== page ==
Early June Heat Wave Contributing to Lake Issues Typically Seen in Late Summer
The early June hot weather is causing issues at local lakes that officials don’t typically see until later in the summer.
Wednesday morning, there were many people at the French Regional Park beach along the north shore of Medicine Lake in Plymouth trying to cool off. The lake is already contending with algae blooms, which pop up as temperatures rise.
“Since a lot of the lakes in the metro have a lot of phosphorus already, when you get these warmer temperatures, those are conditions that are optimal for algae growth,” explained Brian Vlach, senior manager of water resources with the Three Rivers Park District.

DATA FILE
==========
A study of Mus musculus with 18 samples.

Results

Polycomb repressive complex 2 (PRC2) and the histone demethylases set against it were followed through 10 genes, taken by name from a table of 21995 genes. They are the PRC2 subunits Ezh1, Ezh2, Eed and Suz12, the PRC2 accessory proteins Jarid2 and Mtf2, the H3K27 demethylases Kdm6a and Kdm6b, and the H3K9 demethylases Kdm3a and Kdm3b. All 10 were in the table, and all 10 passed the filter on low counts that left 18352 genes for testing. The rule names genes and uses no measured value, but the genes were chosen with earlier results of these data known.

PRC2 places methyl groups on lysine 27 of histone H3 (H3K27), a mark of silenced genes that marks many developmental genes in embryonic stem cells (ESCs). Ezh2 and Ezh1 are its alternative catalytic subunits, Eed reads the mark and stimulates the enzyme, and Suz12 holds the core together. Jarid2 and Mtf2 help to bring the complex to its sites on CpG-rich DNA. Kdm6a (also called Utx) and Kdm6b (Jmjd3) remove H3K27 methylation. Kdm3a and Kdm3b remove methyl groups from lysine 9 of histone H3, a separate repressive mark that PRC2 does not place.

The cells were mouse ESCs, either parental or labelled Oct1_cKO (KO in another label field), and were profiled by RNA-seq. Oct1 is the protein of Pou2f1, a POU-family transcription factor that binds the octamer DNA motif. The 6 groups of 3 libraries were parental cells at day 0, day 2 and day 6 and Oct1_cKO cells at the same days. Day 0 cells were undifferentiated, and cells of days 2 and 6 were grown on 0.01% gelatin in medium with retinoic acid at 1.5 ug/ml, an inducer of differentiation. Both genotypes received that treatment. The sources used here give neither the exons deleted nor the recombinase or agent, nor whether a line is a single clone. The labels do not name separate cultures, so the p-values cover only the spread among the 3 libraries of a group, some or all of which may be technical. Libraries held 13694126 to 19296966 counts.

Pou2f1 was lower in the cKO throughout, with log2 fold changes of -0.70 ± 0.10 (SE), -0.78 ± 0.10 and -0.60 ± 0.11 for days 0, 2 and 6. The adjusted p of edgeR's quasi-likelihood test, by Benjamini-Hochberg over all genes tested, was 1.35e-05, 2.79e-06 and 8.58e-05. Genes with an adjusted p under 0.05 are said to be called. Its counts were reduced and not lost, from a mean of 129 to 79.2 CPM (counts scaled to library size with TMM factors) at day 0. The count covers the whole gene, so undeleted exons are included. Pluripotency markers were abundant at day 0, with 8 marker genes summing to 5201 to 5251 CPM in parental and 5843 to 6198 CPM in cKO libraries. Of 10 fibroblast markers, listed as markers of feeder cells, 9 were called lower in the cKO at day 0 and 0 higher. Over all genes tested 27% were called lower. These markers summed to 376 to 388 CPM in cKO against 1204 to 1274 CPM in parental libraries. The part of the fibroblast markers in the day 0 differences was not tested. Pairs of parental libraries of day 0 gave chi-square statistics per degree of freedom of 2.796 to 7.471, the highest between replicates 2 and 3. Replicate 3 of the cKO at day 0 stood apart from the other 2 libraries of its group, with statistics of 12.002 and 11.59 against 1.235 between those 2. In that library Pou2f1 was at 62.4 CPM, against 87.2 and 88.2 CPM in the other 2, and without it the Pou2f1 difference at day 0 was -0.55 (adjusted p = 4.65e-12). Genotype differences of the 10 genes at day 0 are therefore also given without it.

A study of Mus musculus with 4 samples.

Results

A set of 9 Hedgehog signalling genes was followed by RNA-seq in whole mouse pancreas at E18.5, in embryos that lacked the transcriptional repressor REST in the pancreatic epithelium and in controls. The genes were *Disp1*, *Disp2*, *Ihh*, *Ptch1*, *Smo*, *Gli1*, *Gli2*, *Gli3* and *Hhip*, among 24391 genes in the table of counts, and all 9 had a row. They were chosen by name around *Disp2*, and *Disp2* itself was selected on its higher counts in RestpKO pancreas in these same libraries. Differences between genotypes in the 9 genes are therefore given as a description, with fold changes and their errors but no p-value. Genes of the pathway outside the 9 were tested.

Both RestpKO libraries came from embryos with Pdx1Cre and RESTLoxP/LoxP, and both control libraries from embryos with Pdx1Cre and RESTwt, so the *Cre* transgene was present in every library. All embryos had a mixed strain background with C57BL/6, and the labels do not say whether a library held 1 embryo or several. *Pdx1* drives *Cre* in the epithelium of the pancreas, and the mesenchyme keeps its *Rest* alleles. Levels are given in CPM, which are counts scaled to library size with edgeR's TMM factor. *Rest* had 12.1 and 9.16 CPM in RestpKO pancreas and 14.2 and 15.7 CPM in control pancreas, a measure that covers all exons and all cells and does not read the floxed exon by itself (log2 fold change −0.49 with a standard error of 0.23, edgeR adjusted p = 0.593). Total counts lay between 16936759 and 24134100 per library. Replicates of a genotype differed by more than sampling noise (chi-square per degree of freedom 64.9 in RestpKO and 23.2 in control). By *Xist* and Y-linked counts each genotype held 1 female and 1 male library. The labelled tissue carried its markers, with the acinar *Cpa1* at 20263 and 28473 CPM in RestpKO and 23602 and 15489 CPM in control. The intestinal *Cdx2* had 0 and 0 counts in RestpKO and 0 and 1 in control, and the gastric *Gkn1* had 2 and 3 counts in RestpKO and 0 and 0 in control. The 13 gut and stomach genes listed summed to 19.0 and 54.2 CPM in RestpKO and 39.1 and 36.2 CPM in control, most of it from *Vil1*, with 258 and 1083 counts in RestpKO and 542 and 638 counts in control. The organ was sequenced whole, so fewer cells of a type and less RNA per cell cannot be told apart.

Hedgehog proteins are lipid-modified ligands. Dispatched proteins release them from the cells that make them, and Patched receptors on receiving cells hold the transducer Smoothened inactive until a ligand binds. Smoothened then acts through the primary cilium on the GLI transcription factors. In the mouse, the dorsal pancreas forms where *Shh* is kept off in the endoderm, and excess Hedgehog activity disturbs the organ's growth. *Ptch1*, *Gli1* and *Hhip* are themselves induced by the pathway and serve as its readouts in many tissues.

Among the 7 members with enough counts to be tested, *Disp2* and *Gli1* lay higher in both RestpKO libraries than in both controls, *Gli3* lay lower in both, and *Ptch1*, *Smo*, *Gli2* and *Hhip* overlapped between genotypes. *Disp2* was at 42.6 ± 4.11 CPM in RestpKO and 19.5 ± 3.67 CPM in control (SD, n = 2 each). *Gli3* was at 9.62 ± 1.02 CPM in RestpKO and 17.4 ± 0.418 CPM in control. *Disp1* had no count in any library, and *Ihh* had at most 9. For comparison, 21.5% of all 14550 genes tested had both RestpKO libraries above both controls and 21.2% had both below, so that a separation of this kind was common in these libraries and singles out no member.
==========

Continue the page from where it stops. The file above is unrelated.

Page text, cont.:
Vlach says these particular algae blooms are harmless, but other types can cause health problems to both people and pets.
“We shower when we get home, we rinse off, and we use those little rinse things. We haven’t seen any problems,” said Plymouth resident Jessie Westlund.
The Three Rivers Park District closed French Regional Park beach last Wednesday for 24 hours after some beachgoers complained about swimmer’s itch. The condition is caused by a microscopic parasite that tries to burrow into the skin when contacting a swimmer.
“When we close the beach, we wind up treating the swimming area with copper sulfate. Copper sulfate kills the parasite,” said Vlach.
Extreme Temperatures Cause Rise In E. Coli
Officials also see an increase in E. coli levels at some beaches due to the rise in temperatures. They would typically see this in late summer.
Because the geese are now basically moving around, they like to seek residency on our beaches in the evening, so the geese feces are a source of the E. coli,” explained Vlach.
However, officials say the water levels are safe currently.
“It’s a beautiful day, and with the warmer temperatures, it’s just a wonderful place to visit,” Vlach said.